The details of two potentially serious vulnerabilities affecting version 5 of the vBulletin forum software were disclosed by researchers last week. The flaws are currently unpatched, but vBulletin developers have promised to release fixes soon.
The security holes were disclosed via Beyond Security’s SecuriTeam Secure Disclosure program by a researcher from Italy-based security firm TRUEL IT and an expert who has not been named.
One of the vulnerabilities has been described as a file inclusion issue. The flaw affects vBulletin installations that use a Windows-based server, and an unauthenticated attacker can exploit it by sending a specially crafted GET request to index.php.
An attacker can inject malicious PHP code into a file on the server (e.g. access.log) and then “include” that file by manipulating the routestring= parameter in the request. This results in the attacker’s code getting executed.
The second vulnerability, tracked as CVE-2017-17672, has been described as a deserialization issue that can be exploited by an unauthenticated attacker to delete arbitrary files and possibly even execute arbitrary code.
“vB_Library_Template’s cacheTemplates() function is a publicly exposed API which allows to fetch information on a set of given templates from the database in order to store them inside a cache variable,” Beyond Security’s advisory explains. “The $temnplateidlist variable, which can come directly from user-input, is directly supplied to unserialize(), resulting in an arbitrary deserialization primitive.”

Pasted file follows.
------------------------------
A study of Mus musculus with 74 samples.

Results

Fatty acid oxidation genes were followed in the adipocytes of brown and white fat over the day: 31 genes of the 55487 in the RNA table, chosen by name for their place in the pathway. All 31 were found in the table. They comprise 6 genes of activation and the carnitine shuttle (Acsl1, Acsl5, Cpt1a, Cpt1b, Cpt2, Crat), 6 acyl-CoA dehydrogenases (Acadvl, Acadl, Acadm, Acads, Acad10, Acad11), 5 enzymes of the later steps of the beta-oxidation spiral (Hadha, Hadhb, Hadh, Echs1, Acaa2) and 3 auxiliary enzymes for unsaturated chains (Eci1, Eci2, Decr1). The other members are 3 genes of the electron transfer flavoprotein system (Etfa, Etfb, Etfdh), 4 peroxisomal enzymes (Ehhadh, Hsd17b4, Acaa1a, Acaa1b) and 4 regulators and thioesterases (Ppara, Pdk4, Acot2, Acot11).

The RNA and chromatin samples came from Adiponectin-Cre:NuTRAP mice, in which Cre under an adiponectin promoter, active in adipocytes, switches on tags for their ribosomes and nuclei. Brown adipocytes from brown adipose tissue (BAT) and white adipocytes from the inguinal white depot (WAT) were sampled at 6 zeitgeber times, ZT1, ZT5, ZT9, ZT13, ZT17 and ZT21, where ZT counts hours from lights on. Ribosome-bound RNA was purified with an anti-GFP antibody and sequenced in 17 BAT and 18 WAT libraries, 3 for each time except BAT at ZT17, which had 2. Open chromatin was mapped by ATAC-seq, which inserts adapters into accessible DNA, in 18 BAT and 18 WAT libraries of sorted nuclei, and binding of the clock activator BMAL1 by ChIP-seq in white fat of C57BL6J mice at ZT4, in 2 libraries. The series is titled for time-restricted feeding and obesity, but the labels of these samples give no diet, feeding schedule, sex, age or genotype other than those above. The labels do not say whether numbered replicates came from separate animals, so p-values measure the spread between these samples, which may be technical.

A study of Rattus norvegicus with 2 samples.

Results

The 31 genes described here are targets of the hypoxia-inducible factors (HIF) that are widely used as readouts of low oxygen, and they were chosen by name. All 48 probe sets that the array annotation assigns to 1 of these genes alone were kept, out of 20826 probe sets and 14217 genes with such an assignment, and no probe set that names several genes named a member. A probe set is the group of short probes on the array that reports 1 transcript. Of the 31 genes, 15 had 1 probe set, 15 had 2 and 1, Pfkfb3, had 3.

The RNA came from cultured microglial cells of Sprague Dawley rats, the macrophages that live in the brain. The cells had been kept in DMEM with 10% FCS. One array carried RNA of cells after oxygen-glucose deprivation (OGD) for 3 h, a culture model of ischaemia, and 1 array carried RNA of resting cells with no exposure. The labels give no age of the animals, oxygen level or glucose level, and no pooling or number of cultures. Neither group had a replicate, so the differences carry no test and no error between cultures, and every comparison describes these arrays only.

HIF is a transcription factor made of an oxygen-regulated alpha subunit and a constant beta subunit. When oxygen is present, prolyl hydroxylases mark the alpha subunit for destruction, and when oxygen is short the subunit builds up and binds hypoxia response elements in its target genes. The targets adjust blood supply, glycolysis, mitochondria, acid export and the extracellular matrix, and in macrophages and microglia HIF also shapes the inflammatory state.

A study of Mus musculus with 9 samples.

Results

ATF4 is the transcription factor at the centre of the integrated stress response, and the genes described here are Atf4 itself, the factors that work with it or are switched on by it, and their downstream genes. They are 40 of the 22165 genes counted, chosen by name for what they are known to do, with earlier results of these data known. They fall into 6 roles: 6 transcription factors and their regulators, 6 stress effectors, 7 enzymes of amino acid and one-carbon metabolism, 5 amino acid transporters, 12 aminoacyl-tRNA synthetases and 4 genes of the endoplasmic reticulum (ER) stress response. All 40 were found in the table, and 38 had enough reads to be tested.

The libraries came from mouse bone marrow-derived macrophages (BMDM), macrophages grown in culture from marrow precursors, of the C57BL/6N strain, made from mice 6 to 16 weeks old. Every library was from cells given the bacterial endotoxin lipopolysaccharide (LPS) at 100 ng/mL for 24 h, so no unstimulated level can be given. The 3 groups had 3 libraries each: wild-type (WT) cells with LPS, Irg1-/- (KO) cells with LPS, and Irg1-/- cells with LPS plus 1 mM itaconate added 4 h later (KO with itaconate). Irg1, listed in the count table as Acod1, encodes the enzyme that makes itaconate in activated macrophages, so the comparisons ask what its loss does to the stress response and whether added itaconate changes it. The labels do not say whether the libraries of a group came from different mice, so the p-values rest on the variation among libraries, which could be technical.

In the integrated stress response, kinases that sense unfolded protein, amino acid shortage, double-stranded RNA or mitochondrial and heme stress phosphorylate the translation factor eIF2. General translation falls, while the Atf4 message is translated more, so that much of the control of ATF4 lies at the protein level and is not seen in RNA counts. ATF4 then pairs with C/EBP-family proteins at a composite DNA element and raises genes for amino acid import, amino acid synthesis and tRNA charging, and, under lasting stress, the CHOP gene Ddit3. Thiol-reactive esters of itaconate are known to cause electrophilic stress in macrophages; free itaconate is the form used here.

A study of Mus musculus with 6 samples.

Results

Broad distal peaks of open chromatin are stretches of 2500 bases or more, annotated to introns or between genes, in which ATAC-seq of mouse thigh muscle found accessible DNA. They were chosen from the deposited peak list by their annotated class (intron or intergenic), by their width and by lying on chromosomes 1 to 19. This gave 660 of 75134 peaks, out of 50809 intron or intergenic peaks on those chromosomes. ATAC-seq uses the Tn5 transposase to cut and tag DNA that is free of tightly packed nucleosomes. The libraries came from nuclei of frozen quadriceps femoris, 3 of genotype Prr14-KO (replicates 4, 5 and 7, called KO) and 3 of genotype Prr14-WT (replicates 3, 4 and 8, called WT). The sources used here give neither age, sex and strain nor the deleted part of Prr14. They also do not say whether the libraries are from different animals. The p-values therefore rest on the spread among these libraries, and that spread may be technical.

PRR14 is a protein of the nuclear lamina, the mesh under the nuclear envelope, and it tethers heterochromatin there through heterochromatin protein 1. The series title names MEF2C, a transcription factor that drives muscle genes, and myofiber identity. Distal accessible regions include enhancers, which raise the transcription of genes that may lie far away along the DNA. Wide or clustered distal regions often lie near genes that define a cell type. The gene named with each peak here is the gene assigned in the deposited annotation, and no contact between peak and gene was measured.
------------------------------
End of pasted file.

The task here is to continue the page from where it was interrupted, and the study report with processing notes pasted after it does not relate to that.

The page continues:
Detailed technical information and proof-of-concept (PoC) code have been made available for both vulnerabilities.
Beyond Security claims it has been trying to report the vulnerabilities to vBulletin developers since November 21, but has not received any response. vBulletin, on the other hand, told SecurityWeek that it received no email into its ticket system regarding the vulnerabilities until last week. A patch has already been developed and it will be released once it’s tested.
Malicious actors exploiting vBulletin vulnerabilities in the wild is not unheard of. A couple of years ago, researchers had started seeing thousands of daily attempts to exploit a critical flaw less than two weeks after it was patched.